Statement from the NAIC on Indigenous Peoples Day

 The Native American International Caucus (NAIC) applauds the celebration of Indigenous Peoples Day on October 10, 2022, and its recognition as a federal holiday for the first time starting in 2021.

 At the same time, we decry and call for an end to the federally recognized, national celebration of Columbus Day. 

 The continued public recognition of Christopher Columbus as a symbol of discovery, exploration, conquest, victory, and celebration continues to do great harm to the 570+ Native American tribal nations in the United States, all of whom still live with the impact of systemic injustices and abuse initiated by settler colonialism. 

 The violence and theft inflicted by Christopher Columbus and European occupation of the land including dislocation and relocation of Native people perpetuate an unjust system of capital accumulation at the expense of generations of Native lives. 

 Moreover, we abhor all violence and genocide especially sanctioned by the state and blessed by the church in the form of the “Doctrine of Discovery” and stand firm in our United Methodist Resolution that unequivocally affirms, “The establishment, enactment, and progression of the Doctrine of Discovery influenced law and behavior, perpetuated a climate of violence against Native people through colonization, forced removals, enactment of treaties that were then regularly violated, killings and the "Indian Wars" continuing today in a subtler but in a no less violent and invasive manner” 2016 UM Book of Resolutions, 3321.

 To continue to celebrate this inequity is contrary to the Gospel, “For freedom, Christ has set us free; stand firm therefore, and do not submit again to a yoke of slavery”(Galatians 5:1). Consequently, our United Methodist baptismal vows commit us to, “resist evil, injustice and oppression in whatever forms they present themselves”.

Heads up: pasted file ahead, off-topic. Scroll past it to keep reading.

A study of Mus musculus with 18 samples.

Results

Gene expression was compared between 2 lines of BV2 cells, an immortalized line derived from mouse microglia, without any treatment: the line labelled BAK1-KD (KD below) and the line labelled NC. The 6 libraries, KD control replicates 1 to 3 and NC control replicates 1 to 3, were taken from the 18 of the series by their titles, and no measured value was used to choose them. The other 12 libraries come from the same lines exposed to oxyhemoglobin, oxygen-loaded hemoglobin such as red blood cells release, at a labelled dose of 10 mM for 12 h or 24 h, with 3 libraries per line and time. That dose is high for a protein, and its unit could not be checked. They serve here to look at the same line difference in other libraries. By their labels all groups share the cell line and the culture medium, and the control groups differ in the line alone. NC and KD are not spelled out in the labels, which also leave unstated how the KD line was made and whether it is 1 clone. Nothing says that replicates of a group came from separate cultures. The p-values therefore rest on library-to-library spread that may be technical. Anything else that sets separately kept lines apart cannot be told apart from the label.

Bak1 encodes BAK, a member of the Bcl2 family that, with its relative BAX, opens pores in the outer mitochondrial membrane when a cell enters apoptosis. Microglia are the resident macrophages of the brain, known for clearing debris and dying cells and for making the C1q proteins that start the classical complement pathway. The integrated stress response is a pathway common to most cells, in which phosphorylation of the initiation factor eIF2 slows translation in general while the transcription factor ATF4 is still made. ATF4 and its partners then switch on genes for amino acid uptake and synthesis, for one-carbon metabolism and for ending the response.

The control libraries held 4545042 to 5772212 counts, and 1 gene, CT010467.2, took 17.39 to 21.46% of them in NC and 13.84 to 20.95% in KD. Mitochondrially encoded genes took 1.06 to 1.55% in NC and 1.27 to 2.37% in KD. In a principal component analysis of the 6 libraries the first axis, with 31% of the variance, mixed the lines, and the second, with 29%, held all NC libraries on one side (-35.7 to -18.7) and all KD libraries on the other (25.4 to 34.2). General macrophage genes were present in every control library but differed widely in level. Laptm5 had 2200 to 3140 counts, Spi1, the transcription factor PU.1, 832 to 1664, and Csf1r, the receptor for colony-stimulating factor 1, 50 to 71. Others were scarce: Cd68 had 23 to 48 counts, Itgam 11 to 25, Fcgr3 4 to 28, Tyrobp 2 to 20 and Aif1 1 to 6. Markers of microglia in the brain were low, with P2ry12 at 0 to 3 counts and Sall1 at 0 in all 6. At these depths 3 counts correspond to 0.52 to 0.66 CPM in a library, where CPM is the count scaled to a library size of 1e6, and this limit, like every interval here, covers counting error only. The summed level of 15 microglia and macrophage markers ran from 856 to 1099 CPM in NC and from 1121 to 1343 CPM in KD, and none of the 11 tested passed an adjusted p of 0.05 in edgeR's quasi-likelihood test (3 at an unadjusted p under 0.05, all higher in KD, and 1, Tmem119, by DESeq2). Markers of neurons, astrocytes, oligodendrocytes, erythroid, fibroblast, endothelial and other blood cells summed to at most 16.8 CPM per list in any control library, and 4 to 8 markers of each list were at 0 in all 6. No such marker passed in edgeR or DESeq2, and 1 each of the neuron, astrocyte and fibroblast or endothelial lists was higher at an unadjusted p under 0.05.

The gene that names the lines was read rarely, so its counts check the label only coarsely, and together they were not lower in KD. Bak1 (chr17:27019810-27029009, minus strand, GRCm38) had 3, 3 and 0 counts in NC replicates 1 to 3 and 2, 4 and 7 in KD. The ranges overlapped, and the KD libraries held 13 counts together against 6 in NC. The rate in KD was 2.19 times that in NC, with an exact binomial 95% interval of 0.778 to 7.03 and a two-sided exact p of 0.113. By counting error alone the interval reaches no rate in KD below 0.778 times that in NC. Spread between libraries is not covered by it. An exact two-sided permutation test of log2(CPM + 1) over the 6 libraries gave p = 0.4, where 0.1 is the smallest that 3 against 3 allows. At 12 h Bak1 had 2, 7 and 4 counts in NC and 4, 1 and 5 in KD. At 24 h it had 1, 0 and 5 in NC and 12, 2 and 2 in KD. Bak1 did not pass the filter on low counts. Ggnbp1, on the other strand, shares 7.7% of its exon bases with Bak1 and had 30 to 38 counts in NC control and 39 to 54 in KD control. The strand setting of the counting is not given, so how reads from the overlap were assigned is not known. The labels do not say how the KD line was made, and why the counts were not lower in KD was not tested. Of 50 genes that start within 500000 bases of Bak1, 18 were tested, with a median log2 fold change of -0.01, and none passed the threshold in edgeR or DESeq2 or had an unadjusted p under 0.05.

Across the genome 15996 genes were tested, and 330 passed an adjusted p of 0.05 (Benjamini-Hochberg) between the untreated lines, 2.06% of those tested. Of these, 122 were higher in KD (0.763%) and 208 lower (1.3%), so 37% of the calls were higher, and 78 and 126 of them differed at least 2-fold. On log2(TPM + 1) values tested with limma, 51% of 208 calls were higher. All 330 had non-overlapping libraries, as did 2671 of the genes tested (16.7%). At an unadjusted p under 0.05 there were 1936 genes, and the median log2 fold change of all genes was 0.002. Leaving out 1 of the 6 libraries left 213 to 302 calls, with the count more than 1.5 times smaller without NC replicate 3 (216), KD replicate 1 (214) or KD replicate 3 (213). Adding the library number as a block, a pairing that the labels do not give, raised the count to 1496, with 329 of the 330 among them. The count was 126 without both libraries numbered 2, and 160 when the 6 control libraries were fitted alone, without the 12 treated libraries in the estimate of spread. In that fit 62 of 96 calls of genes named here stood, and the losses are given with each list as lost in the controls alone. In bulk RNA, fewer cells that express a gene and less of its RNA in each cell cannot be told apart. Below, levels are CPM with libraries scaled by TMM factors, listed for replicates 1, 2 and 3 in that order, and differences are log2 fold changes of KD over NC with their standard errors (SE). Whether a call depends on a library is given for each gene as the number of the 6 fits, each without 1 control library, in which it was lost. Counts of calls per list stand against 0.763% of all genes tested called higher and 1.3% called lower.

We, therefore, call on all elected officials as an act of trust to publicly recognize and secure Native people’s human dignity and sacred worth by recognizing Indigenous Peoples Day as a time to celebrate our culture, affirm our human rights as sovereign tribal nations, and repair the damaging legacy of settler colonialism and capitalism. 

 We further call on our Congressional and State legislators and President Joseph Biden’s Administration as an act of good faith to finally abandon and abolish the federally recognized celebration of Columbus Day and to repudiate our nation’s too often unchallenged allegiance to the “Doctrine of Discovery”.

 The NAIC Board of Directors

NAIC Chairperson, Ragghi Rain
NAIC Vice Chairperson, Rev. Charles Brower
NAIC Secretary, Helen Cheromiah
NAIC Treasurer. Luke Lakota Eastin

NAIC Members at Large:
Pam Brayboy Baker
Rev. Neal Christie
Rev. Alvin Deer
Rev. Carol Lakota Eastin
Bishop Peggy Johnson
Rev. Jennifer Kerby
Cynthia Mosley
Rev. Adrienne Stricker
Suanne Ware-Diaz

Bernardine Beall Oct 3, 2022 11:40am

Should we celebrate the good of both groups and recall the bad of both groups. Reading the journals of the Lewis and Clark Expeditions and the contact with indigenous groups show some negatives for them as well.